Isn't it ironic? Just a couple of years after paying a fine for the illegal promotion of Evista as a breast cancer prevention drug, manufacturer Eli Lilly has finally gained FDA approval for the use of the popular osteoporosis drug for prevention of breast cancer in postmenopausal women. Evista, or raloxifene, can now be prescribed for postmenopausal women at high risk of breast cancer, as well as for postmenopausal women with osteoporosis.
The medication is a SERM (selective estrogen receptor modulator), just like its sister drug tamoxifen, a prominent breast cancer drug. That means that that both drugs operate on certain areas of the body as estrogen would - in Evista's case, most notably, by protecting bone density. But these drugs are believed not to produce the detrimental effects of estrogen in other areas, such as on the breast. Specifically, their chemical similarity to estrogen allows them to block the receptors on some cells that might otherwise be prone to be affected by estrogen-induced cancer.
While tamoxifen has grown to be one of the most widely used breast cancer drugs, and is often prescribed to patients in remission to help prevent recurrence, it was widely speculated that Evista's properties could allow it to work on a similar fashion, perhaps with fewer side effects. Despite promising preliminary studies on the hypothesis, FDA approval for this use lagged, and Eli Lilly was punished for acting prematurely by advertising the breast cancer properties of the drug.
Does the FDA's recent decision, however, vindicate the manufacturer? It's a tough question. Like all medications, Evista also has the potential for side effects, specifically blood clots and stroke. The FDA panels evaluating the drug debated long and hard whether Evista's proven benefits against breast cancer were worth the known risks for other health problems. Ultimately, it was decided those with the greatest predisposition for breast cancer deserved more options for treatment. This doesn't mean that everyone now taking tamoxifen should immediately switch to raloxifene/Evista, or that those already taking Evista can cease monthly breast self-examinations or regular mammograms because they are somehow immunized from cancer.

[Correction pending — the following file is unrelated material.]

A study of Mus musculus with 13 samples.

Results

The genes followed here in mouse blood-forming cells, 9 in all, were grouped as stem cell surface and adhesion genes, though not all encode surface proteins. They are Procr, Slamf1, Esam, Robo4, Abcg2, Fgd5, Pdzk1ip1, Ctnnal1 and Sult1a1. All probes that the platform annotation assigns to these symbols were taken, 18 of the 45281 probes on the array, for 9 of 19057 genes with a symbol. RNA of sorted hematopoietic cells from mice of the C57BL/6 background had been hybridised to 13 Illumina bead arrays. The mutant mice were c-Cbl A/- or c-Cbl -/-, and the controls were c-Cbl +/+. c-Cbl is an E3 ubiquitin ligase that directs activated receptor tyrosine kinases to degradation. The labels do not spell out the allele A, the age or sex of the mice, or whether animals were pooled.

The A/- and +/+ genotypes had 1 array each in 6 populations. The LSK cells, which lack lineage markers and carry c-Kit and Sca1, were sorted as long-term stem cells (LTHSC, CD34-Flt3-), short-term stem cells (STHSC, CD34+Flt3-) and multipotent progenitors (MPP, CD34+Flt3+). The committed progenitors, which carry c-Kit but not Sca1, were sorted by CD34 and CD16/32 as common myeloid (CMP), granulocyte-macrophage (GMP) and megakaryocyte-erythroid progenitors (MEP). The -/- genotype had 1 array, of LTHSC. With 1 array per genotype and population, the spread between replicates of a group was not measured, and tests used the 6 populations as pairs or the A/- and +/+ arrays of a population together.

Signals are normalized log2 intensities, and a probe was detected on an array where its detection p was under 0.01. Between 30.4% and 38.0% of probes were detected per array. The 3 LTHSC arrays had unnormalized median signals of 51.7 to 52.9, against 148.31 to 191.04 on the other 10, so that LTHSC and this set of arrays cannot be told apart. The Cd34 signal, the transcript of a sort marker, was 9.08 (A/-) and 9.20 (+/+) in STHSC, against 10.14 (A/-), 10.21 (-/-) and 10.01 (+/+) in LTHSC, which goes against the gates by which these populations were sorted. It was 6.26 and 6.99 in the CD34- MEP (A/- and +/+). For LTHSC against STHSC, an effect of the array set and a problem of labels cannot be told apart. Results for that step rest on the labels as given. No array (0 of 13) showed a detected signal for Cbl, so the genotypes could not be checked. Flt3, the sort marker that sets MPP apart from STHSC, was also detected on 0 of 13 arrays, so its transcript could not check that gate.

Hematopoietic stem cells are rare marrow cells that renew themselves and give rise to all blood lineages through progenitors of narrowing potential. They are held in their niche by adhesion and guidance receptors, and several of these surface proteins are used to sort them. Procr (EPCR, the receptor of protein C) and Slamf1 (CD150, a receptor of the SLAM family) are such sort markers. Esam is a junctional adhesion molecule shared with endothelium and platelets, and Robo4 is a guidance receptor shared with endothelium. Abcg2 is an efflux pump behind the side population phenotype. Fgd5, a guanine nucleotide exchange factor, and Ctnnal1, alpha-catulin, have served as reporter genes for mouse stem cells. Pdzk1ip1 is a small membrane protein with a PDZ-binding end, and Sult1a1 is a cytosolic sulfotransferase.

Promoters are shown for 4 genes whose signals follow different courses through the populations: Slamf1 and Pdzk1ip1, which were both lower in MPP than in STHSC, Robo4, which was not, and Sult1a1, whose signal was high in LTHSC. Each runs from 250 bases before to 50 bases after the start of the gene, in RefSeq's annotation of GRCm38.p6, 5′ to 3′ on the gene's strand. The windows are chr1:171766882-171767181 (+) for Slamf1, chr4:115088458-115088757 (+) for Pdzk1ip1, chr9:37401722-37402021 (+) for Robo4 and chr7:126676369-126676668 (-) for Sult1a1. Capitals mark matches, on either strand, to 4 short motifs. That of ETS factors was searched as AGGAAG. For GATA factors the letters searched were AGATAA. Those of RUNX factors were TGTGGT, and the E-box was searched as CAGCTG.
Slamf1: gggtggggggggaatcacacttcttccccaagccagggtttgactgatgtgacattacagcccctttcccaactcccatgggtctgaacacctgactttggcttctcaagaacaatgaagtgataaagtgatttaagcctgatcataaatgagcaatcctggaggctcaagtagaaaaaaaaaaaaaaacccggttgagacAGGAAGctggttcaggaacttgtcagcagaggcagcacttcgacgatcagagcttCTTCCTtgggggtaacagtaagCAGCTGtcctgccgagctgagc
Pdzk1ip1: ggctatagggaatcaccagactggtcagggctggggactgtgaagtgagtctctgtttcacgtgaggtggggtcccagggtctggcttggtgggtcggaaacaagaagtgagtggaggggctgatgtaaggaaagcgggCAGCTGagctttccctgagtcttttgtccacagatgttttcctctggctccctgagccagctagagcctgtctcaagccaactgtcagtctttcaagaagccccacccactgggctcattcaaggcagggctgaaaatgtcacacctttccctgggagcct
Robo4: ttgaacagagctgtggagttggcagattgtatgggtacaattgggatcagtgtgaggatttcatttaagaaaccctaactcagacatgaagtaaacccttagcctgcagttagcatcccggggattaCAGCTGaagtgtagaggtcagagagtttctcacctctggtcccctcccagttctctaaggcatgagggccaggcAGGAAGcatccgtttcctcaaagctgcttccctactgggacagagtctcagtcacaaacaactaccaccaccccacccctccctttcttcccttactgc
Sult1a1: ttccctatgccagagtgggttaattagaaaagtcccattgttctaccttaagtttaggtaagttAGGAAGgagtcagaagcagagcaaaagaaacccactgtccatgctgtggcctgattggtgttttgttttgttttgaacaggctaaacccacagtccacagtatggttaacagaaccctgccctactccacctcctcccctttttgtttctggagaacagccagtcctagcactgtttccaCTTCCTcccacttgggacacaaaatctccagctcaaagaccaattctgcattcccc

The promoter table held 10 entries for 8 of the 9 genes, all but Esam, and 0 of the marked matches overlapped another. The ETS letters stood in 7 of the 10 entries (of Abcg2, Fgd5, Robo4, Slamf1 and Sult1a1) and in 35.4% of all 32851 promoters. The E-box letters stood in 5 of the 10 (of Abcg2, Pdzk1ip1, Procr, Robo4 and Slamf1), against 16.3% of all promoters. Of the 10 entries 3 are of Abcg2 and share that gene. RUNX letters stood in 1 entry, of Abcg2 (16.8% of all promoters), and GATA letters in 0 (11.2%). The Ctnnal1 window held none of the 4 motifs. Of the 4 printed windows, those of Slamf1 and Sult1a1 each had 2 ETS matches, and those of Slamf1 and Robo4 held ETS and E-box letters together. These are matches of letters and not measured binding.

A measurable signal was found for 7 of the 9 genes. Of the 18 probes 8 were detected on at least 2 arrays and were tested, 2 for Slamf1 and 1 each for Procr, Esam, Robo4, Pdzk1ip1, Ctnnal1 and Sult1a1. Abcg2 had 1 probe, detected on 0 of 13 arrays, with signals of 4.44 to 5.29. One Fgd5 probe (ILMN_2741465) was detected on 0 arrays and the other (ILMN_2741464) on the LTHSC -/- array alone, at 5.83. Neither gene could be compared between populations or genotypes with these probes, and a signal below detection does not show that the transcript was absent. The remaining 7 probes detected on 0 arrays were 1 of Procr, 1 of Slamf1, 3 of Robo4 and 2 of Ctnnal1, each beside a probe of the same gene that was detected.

Clearly, some women on tamoxifen to prevent breast cancer, or those who are taking a different osteoporosis drug but are at risk of breast cancer, may now want to consider discussing their new alternatives with their physician. However, it is clear that Evista is not necessarily the best recourse in all situations, and those at risk of cardiovascular disease should proceed with particular caution. It is imperative to consult with your doctor about all the drugs you are taking and to carefully evaluate your complete medical history before changing any prescription regimen. And for those who do decide to take Evista after careful consultation with their doctors, they can be confident that the potential benefits of their medicine have been vetted for years by numerous doctors and have finally met the standards of a reluctant FDA.